DINWIDDIE COUNTY, Va. -- A Dinwiddie High School chemistry class did not follow several of the recommendations made by the United States Chemical Safety Board (CSB) in the wake of three serious incidents where kids were burned during science demonstrations using methanol.

The CSB is an independent, nonregulatory federal agency that investigates the root causes of major chemical incidents.

The three demonstrations occurred in Nevada, Colorado and Illinois, and prompted the CSB to issue a safety bulletin back in 2017 after their safety board investigated each incident.

Here are those recommendations:

  • Due to flash fire hazards and the potential for serious injuries, do not use bulk containers of flammable chemicals in educational demonstrations when small quantities are sufficient
  • Employers should implement strict safety controls when demonstrations necessitate handling hazardous chemicals — including written procedures, effective training, and the required use of appropriate personal protective equipment for all participants
  • Conduct a comprehensive hazard review prior to performing any educational demonstration
  • Provide a safety barrier between the demonstration and the audience

WTVR CBS 6 asked Dinwiddie's superintendent of schools and Fire and EMS chief if those recommendations were followed prior to the accident last Wednesday.


Superintendent Dr. Kari Weston said at a press conference on Wednesday that students told investigators personal protective equipment was not used during the demonstration, which is also not in line with CSB guidance.

Weston said it is not standard protocol not to use protective equipment.

She also said Dinwiddie follows recommendations from the Virginia Department of Education for safety during labs.

She said all educators and students go through annual training, and the teachers are supposed to follow a self-assessment checklist prior to demonstrations.

However, she said they do not need to get the demonstrations approved by an administrator.

"Currently there is no formal process where they would have to come before administration or central office to have that be approved. That is something we will be looking at going forward," Weston said.


A spokesperson for Henrico Schools said:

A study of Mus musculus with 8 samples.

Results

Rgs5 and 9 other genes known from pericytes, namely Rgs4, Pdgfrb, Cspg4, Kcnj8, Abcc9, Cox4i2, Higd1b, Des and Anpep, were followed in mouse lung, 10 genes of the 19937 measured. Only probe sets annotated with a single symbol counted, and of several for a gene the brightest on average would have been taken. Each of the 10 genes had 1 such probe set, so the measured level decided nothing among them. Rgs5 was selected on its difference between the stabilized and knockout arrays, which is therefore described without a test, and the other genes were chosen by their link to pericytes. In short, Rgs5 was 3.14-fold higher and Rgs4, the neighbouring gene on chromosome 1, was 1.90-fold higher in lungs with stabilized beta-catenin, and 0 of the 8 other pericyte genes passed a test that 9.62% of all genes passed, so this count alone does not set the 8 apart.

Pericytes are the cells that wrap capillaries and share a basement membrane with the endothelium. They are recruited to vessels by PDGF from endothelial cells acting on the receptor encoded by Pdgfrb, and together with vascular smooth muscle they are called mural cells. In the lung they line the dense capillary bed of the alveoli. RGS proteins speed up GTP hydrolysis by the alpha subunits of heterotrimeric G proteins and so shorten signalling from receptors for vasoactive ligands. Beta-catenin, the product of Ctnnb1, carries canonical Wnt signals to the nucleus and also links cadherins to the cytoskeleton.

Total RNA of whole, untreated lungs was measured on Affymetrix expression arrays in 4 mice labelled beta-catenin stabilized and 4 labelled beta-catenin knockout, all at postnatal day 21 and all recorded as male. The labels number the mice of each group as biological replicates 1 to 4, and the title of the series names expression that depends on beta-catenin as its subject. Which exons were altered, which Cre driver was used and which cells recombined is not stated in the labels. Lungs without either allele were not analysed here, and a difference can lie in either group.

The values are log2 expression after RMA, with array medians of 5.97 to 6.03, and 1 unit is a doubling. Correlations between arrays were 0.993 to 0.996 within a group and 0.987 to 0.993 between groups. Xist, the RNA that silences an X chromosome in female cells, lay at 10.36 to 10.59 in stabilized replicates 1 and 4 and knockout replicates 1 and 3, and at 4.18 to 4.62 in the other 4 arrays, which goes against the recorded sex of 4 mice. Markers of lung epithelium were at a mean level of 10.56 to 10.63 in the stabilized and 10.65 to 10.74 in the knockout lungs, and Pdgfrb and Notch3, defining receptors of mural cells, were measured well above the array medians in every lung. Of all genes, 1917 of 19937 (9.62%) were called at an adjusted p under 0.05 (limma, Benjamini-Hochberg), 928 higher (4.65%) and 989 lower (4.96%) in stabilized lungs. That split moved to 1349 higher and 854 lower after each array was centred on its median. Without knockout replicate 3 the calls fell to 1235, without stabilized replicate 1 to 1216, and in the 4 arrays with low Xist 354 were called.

"Methanol is allowed in chemistry classrooms in Henrico County Public Schools; however, there is a strict policy of no open flames present with flammable chemicals. If methanol is used in a chemistry class, it is only used to show the evaporative rate. We also encourage teachers to use a less flammable solution such as ethanol in those labs.

"All teachers are asked complete a risk assessment prior to every lab experiment performed and evaluate the value of the instructional experience to potential safety concerns. In addition, all science teachers are expected to review safety procedures, locations of safety equipment, discuss the need for PPE and actively monitor and support lab safety during experiments."

A spokesperson for Richmond Schools said:

"Methanol is used in our division. It is not a banned substance, but like all flammable chemicals, it is only used in RPS in extremely controlled environments - under a fume hood, not in enclosed containers, etc.

"Attached is a copy of our Chemical Hygiene Plan. The safety of our students is our top priority and we take these safety precautions very seriously.

"We have already reached out to all of our chemistry teachers to emphasize these protocols in response to the Dinwiddie incident. They are all very aware of the safety implications regarding any flammable substance."

A spokesperson for Chesterfield Schools sent this Science and STEAM Safety Guide in response to our questions.

Depend on CBS 6 News and WTVR.com for complete coverage of this important local story. Anyone with more information can email newstips@wtvr.com to send a tip.